Quite a few years ago I used to write a daily newsletter, but I decided to give it up because it got tiresome trying to invent new ways to say the same thing over and over. More important, having to form an opinion on the market every single day, especially during volatile times as we have been experiencing, can build a of stress. Also, since I am primarily focused on the intermediate-term and long-term time frames, it can be counter productive to put too much effort into short-term analysis.
This week was especially challenging due to the Fed's announcement, which caused big rallies in stocks, bonds, and commodities, and a big decline in the dollar. Also, a number of market and sector indexes switched to buy signals. (Standby for more whipsaw.) The question remains as to whether the Fed's announcement will have a lasting effect, or if it will prove to be another flash in the pan.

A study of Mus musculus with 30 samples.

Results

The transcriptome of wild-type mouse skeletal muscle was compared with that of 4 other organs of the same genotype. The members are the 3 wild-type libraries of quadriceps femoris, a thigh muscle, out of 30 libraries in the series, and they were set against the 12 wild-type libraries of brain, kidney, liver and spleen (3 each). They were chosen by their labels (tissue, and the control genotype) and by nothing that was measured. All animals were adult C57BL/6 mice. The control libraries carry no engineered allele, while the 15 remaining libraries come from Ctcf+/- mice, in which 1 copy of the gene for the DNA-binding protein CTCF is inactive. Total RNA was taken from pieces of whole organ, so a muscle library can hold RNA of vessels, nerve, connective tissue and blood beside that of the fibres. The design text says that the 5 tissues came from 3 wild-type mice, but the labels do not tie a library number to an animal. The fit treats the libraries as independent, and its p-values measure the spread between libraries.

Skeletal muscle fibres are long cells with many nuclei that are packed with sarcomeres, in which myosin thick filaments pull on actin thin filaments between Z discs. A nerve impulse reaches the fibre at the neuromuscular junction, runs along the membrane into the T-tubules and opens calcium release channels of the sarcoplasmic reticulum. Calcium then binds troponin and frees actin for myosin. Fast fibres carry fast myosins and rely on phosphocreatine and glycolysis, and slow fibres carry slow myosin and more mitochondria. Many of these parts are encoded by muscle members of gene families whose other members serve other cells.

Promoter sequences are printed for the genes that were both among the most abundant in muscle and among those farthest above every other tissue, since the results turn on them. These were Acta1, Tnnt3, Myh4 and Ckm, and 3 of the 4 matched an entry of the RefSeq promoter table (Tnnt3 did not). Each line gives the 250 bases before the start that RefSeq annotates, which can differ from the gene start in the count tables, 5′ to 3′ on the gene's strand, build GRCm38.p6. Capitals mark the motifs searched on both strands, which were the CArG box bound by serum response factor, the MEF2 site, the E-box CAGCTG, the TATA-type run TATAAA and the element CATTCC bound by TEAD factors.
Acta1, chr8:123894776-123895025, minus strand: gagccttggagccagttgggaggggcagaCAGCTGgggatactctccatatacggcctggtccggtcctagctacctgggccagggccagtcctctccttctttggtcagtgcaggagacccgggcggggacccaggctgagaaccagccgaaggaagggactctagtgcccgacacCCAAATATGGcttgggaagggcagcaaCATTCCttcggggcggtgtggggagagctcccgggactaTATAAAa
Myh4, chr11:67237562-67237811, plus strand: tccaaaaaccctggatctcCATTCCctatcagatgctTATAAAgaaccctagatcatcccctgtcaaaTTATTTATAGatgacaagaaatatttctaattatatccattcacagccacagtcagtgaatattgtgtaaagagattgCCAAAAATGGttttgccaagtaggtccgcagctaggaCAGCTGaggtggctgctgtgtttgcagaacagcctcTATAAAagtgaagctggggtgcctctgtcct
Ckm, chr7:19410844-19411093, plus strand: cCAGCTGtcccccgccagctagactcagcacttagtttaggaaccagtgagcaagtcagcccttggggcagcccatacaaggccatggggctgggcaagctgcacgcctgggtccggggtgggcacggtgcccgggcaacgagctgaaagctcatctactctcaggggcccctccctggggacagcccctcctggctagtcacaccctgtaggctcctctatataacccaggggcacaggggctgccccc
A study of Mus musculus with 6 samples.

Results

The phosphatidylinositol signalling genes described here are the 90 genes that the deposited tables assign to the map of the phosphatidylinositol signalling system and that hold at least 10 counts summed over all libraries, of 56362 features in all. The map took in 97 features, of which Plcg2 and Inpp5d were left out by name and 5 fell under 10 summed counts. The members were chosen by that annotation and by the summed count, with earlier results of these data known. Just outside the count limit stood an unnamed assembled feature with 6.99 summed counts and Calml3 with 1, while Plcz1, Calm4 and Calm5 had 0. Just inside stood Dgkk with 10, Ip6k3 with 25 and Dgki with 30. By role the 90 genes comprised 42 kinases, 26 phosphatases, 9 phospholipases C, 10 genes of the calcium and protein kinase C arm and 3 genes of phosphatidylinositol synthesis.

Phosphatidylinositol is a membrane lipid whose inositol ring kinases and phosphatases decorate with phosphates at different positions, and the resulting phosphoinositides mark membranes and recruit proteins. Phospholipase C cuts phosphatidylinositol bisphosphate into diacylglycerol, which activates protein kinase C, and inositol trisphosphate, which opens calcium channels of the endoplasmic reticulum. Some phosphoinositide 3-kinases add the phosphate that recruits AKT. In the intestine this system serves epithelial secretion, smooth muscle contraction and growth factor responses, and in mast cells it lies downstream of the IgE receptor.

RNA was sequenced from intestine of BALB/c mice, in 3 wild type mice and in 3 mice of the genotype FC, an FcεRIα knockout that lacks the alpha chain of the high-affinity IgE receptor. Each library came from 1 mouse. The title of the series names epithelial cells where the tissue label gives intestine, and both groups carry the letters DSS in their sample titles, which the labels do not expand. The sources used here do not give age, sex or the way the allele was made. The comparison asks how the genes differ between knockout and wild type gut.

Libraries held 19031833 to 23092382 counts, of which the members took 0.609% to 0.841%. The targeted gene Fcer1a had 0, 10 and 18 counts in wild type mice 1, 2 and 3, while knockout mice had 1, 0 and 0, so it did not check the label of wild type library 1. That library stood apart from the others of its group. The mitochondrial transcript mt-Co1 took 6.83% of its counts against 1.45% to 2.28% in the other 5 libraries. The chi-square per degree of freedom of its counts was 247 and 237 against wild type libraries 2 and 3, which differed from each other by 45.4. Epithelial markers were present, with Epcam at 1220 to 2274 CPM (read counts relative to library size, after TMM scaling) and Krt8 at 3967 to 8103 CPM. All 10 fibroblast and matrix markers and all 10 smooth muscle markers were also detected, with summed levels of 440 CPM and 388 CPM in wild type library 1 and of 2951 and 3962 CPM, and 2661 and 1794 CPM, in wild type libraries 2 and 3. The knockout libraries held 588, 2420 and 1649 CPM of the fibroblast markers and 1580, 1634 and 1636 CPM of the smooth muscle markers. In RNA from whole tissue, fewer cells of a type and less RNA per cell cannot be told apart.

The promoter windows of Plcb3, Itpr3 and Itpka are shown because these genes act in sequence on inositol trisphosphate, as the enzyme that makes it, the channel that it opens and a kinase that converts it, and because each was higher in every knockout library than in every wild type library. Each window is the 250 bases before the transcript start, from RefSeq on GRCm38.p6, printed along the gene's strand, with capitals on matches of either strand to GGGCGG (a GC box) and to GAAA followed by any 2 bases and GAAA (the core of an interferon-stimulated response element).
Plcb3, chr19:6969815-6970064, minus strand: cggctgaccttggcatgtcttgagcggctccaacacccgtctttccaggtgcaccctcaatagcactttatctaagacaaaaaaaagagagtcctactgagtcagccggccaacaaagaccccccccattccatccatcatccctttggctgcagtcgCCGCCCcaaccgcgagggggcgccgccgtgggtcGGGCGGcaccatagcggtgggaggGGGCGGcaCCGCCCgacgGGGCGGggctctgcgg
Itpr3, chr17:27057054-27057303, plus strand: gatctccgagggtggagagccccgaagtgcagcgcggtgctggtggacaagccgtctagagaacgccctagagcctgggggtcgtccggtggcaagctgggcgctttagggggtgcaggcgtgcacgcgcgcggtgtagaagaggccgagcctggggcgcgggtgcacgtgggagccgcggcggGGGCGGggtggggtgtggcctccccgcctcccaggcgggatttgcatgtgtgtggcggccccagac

On our first chart we can see that prices moved slightly above important resistance levels, but they have not made a clear breakout.
The next issue is that the market is short-term overbought. The Climactic Volume Indicator (CVI) is extremely overbought, as is the Short-Term Volume Oscillator (STVO), which hit its second highest level ever (the highest was in January). Since we are still in a bear market, chances are very high that the market has hit a short-term top, and that a short-term correction is under way.
On an intermediate-term basis, internal conditions are neutral, as shown by our intermediate-term breadth and volume indicators. This allows for a short correction and the resumption of the up trend; however, bear market conditions demand that we consider that a more negative outcome is possible.
Bottom Line: The surge in prices this week has given bulls some encouragement, but my overall expectations remain bearish.